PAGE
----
Google something, you get your results back.
But when Gmail or Google stops working, everyone notices.
Your system stops working.
Your company stops working.
A plan needs to be in place for when things stop working.
You need a technical leader who can make it work again.
Successful leaders during crisis have some secrets:
1. Look to the Left and Right of the Problem
Often times your team, in crisis, will jump into problem-solution mode.
The system has a performance issue, they will analyse logs to find the cause.
Take a step back.
Why has this issue come up now?
Yesterday the system was fine.
Today it’s not.
Look to the left, look back, how did this issue begin?
A new patch.
A new upgrade.
A new component.
An increase in user load.
These are likely suspects that need to be investigated.
You then need to be able to look to the right.
You need to be able to tell the future.
2. Time Traveling and Predicting the Future
You need to be like a magician, like an oracle.
Predicting the future.
Actions are agreed, logs are to be analysed.
You know who will do it.
You know how they will do it.
But when will you get the result?
When will they get back to you?
When can you make your next decision?
Whenever someone else decides for you?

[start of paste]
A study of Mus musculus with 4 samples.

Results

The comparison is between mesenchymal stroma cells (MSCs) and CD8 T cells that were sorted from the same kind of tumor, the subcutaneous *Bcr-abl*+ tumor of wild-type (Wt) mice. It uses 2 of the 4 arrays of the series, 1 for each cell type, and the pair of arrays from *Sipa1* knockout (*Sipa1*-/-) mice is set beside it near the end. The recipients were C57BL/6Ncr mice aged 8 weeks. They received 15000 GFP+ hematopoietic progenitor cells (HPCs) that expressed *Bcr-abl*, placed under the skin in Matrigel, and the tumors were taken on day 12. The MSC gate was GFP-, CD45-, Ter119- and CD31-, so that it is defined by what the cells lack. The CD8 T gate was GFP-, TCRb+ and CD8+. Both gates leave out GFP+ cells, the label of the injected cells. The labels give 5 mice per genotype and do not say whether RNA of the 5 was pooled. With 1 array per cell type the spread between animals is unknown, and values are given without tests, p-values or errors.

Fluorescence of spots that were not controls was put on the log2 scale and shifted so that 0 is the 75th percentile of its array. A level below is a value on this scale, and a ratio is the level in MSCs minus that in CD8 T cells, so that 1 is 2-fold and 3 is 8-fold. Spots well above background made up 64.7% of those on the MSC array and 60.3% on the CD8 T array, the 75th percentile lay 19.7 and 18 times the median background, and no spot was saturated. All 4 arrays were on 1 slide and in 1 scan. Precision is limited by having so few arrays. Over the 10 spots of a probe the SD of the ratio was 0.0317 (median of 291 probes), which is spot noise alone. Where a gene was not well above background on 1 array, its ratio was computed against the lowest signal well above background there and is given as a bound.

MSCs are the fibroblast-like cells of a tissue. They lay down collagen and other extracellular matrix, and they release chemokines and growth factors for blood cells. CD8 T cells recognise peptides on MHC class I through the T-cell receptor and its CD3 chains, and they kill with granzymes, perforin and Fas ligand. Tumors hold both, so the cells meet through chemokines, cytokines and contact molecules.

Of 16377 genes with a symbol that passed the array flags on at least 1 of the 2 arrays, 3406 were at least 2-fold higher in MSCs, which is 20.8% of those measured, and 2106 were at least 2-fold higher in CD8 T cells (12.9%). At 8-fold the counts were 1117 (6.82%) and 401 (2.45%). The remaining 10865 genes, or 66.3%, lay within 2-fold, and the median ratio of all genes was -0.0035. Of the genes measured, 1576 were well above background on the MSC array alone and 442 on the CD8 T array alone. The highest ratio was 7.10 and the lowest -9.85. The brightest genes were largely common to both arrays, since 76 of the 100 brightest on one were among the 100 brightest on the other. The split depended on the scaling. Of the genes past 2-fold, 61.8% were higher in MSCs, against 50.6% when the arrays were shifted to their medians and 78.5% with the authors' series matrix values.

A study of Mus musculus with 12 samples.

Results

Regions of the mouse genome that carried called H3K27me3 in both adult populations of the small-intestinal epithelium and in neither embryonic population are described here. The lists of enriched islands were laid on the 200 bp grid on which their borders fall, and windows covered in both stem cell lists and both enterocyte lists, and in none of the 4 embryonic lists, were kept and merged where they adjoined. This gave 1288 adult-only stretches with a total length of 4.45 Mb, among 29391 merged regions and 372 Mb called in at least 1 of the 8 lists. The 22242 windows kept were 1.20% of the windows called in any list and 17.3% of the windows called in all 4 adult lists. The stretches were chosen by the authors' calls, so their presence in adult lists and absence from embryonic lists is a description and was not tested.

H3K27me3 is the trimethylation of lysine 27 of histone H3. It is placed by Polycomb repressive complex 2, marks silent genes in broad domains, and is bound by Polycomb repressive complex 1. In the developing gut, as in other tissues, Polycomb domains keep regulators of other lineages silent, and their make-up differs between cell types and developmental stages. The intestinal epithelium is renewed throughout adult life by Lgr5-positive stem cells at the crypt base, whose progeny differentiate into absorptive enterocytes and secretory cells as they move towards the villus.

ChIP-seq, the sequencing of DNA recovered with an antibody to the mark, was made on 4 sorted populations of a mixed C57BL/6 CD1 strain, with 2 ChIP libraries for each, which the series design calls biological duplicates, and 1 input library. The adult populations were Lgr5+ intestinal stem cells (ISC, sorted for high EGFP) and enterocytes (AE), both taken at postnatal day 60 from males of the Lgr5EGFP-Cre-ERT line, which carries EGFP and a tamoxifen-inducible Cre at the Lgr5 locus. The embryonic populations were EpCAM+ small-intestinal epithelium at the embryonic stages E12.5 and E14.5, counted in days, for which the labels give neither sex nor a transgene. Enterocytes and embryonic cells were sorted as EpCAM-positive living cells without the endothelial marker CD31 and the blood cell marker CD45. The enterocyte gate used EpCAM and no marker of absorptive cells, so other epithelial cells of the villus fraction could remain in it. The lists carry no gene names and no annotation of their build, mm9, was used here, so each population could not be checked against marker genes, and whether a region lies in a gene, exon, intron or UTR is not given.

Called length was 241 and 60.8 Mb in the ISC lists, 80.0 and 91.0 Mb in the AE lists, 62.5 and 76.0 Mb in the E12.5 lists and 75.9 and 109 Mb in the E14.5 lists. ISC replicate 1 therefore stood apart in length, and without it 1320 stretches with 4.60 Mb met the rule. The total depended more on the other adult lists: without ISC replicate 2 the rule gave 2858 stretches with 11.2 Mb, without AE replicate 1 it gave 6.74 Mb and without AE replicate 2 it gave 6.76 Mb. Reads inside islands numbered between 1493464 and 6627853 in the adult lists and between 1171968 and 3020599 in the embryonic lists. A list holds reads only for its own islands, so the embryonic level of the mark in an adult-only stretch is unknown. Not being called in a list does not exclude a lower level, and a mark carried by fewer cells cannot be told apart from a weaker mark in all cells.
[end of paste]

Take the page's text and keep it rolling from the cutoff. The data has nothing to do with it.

Agree on the next checkpoint.
The next phone call.
The next time you meet.
The point in time you will reconvene to discuss findings and next steps.
Then make your next decision, based on that information.
“….by 3pm we will know if users can continue to work today or will have to wait until tomorrow…”
3. Unraveling the Daisy Chains
Many people end up waiting for the guy…who is waiting a the guy, waiting for another guy.
Why have someone report back the work of other people?
The message gets distorted.
Often times lost in translation.
Find the communication daisy chains, then jump over them.
Get the contact details of the person who is actually doing the work.
Then speak to them.
Cut out the middle man.
Exchange contact information so they come back to you directly next time.
Build a new bridge.
It establishes a clear picture of what is actually going on.
It establishes your control.
Only with the right information, can you make the right decision.
Stephen M Dick
Customer Support leader, team builder, process designer.